NSF REU Summer Integrative Neuroscience Experience
Florida Atlantic University will host the Summer Integrative Neuroscience Experience (SINE) at the John D. MacArthur Campus at Jupiter. The program consists of an intensive program that provides opportunities for talented undergraduate students from across the country to participate in cutting edge neuroscience research.
Students will have the opportunity to work in laboratories at FAU Jupiter, Scripps Research or the Max Plank Florida Institute for Neuroscience. The on-campus research will focus on the following neuroscience areas: synaptic function, behavioral pharmacology, neurogenetics and systems neuroscience. Students will also participate in workshops that provide a broad background in scientific communication, research approaches, and responsible conduct in research.
YOUR FLORIDA EXPERIENCE
- This paid, ten-week program focuses on training, mentoring, research and an overall experience for students that prepares them for graduate studies or careers in science, technology, engineering or math (STEM) disciplines.
- Participants will typically work from 8 a.m. to 5 p.m. each day, with one hour for lunch.
- Undergraduate researchers are paid $600/week along with a $25/week meal allowance, per week.
- Participants will be housed in apartment-style dormitories on FAU’s Jupiter Campus, just three miles from the beach.
- Students will work in laboratories at FAU Jupiter, Scripps Research, or the Max Plank Florida Institute for Neuroscience, and have the opportunity to interact with other FAU REU programs.
Dr. McLean Bolton, Max Planck Florida Institute, Disorders of neural circuit function.
The goal of this project will be to use histology and imaging to gain new insights into the neural circuit organization giving rise to neuropsychiatric disorders.
Dr. Erik Duboue, FAU, The effects of early life stress on brain development
Exposure to stress in early life can impact brain development and adult behavior, yet surprisingly little is known about the cellular mechnisms of this effect. We have found that zebrafish exposed to stress early in life, have elevated levels of stress hormones and heightened response to stressful stimuli as adults. This project will use whole-brain imaging to examine the effects of early life stress on brain structure and function.
Dr. Gregg Fields, FAU, Developing therapeutics for cancers and neurodegenerative diseases.
Our lab uses chemical approaches to better understand cancer progression and to develop novel anti-cancer therapeutic agents. Our lab has incorporated elements of organic synthesis, structural biology, cell biology, chemical biology, enzymology, and molecular biology in the pursuit of understanding basic mechanisms of metastasis, with a focus on proteolytic regulation of signal transduction pathways, and our proteolysis research has recently branched out to include neurodegenerative diseases, arthritis, and sepsis.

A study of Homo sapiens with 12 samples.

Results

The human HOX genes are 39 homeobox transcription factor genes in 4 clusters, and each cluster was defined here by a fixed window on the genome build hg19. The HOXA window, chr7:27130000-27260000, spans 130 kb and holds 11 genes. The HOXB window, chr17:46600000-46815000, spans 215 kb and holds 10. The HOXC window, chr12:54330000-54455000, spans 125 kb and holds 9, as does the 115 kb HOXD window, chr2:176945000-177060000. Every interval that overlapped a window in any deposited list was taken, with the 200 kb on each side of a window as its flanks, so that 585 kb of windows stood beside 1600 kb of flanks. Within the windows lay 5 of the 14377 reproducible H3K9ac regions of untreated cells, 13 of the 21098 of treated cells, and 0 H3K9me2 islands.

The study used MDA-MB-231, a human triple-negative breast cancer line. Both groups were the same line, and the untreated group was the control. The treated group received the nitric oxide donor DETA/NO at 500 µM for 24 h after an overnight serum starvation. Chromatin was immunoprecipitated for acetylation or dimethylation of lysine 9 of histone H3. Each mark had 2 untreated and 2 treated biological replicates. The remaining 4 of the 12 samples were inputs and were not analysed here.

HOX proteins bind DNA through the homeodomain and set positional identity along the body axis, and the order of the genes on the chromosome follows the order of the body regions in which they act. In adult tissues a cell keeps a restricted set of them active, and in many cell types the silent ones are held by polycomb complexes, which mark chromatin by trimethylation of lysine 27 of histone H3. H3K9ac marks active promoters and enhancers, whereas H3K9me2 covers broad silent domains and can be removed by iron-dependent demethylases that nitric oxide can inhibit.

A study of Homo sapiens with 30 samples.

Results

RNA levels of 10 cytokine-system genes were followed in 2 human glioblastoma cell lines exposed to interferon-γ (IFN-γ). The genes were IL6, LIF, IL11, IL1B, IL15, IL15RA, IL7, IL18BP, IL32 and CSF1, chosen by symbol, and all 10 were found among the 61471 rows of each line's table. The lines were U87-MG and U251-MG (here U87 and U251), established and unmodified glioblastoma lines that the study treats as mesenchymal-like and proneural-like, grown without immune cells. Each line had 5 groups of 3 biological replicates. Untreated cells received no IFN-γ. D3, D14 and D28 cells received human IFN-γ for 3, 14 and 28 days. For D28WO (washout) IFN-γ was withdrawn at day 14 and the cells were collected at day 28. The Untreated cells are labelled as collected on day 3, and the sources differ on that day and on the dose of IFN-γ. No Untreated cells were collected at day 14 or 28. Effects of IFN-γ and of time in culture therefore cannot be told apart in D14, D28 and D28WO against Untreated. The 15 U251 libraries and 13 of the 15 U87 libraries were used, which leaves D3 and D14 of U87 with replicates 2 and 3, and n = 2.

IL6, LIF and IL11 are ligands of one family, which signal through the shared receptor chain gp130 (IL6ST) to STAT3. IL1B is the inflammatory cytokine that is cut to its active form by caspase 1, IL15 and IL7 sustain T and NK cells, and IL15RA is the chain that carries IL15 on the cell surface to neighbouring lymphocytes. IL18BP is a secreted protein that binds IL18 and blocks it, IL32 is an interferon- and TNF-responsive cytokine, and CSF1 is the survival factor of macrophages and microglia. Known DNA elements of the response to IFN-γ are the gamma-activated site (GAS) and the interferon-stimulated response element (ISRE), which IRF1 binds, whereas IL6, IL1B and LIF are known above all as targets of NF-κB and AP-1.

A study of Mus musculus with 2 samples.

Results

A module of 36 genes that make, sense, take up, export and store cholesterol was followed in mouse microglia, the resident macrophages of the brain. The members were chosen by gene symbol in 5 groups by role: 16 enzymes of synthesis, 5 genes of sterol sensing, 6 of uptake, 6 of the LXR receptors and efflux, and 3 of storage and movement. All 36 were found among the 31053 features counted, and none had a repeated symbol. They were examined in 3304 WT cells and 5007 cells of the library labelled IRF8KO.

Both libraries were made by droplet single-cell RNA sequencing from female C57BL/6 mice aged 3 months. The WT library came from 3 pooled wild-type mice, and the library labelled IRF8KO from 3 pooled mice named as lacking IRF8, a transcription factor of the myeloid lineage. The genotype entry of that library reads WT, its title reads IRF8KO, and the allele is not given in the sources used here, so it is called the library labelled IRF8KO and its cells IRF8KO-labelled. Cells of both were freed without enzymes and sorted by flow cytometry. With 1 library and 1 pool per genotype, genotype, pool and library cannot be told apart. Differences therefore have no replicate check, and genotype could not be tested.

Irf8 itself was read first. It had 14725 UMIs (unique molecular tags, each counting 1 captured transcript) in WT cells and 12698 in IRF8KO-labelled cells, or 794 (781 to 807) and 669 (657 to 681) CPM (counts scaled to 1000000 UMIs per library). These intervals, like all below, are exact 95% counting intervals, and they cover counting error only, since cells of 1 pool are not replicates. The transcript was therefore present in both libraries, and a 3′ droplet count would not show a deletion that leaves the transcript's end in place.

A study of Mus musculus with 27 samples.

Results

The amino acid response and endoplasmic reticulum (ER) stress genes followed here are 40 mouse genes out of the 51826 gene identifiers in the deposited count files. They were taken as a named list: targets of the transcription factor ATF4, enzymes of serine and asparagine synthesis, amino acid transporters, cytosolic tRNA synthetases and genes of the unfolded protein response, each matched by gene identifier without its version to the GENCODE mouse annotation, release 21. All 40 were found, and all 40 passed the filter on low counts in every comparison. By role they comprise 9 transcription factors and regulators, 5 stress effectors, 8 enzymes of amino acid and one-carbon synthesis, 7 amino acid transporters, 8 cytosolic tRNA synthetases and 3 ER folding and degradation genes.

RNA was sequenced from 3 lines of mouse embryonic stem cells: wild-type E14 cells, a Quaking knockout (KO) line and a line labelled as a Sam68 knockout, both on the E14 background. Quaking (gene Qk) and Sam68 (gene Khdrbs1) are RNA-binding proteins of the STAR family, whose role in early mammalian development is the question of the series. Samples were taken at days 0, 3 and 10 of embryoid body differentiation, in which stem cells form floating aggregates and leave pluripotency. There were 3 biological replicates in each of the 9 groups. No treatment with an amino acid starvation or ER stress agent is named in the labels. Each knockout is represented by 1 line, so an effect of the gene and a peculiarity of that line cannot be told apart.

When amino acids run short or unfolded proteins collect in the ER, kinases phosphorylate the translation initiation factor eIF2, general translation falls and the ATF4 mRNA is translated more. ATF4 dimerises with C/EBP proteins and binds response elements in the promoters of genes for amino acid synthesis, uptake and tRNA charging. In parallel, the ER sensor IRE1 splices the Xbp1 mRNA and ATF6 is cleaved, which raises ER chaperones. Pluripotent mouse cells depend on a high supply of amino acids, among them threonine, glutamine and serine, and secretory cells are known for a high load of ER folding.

Dr. William Ja, Scripps Florida, Discovering the genetic and neural regulation of diverse behaviors.
Neurological behaviors studied in the Ja lab circadian rhythms, sleep, and feeding, using the fly, Drosophila melanogaster. Previous summer projects have explored the extended natural rhythms of a long-lived mutant, how alcohol consumption affects post-meal sleepiness, and the effect of social isolation on physiology and metabolism.
Dr. Naomi Kamasawa, Max Planck Florida Institute, Electron Microscopy Core: reconstructing synaptic anatomy through analysis of synaptic ultrastructure and protein distribution.
The goal of this project will be to deploy multiple electron microscopy techniques and quantitative approaches to understand how synaptic proteins are localized in the membrane. A secondary goal will be to produce new data visualization techniques to aid in demonstrating the complexity of synaptic organization.
Dr. Ning Quan, FAU, Investigating the neuroimmune suprasystem.
The focus of my lab is how the nervous system and immune system forms a combined neuroimmune suprasystem. We are interested in understanding how these two systems communicate with each other to modulate each other's function. We use multiple techniques in molecular biology, neuroscience, and immunology to accomplish this goal.
Dr. Robert Stackman, FAU, Neural circuits influencing hippocampal-dependent learning and memory in mice.
The project is to examine the contribution of the locus coeruleus-hippocampus dopaminergic circuit to the consolidation of non-spatial and spatial memory in mice. We have determined that consolidation of hippocampal-dependent object memory in mice is significantly enhanced by the post-training activation of dopamine D1 receptors. A similar enhancement in object memory consolidation was observed in mice that were briefly exposed to a novel context after training. We are now testing the effects of manipulating the locus coeruleus-hippocampus circuit to determine its participation in these modulatory effects on memory.
Dr. Henriette van Praag, FAU, The effects of exercise on Alzheimer’s progression.
This project aims to evaluate how exercise and myokines may modify memory function, adult hippocampal neurogenesis, neurotrophin levels and pathology in a mouse model of Alzheimer’s Disease. Both in vivo and in vitro approaches will be utilized
Dr. Qi Zhang, FAU, Synaptic physiology and Alzheimer’s disease.
In addition to general molecular and biochemistry methods, my lab is doing a lot of live-cell fluorescence imaging and using human neurons derived from iPSCs as well as AD animal models.
HOW TO APPLY
- One-page statement of interest that describes your motivations, expectations and long-term objectives.
Application Deadline: March 18, 2022
First Round Notification Date: March 25, 2022
Start Date: May 27, 2022
End Date: August 2, 2022
- Undergraduate students majoring in science or engineering.
- U.S. Citizen or permanent resident.
- Minorities and women are strongly encouraged to apply.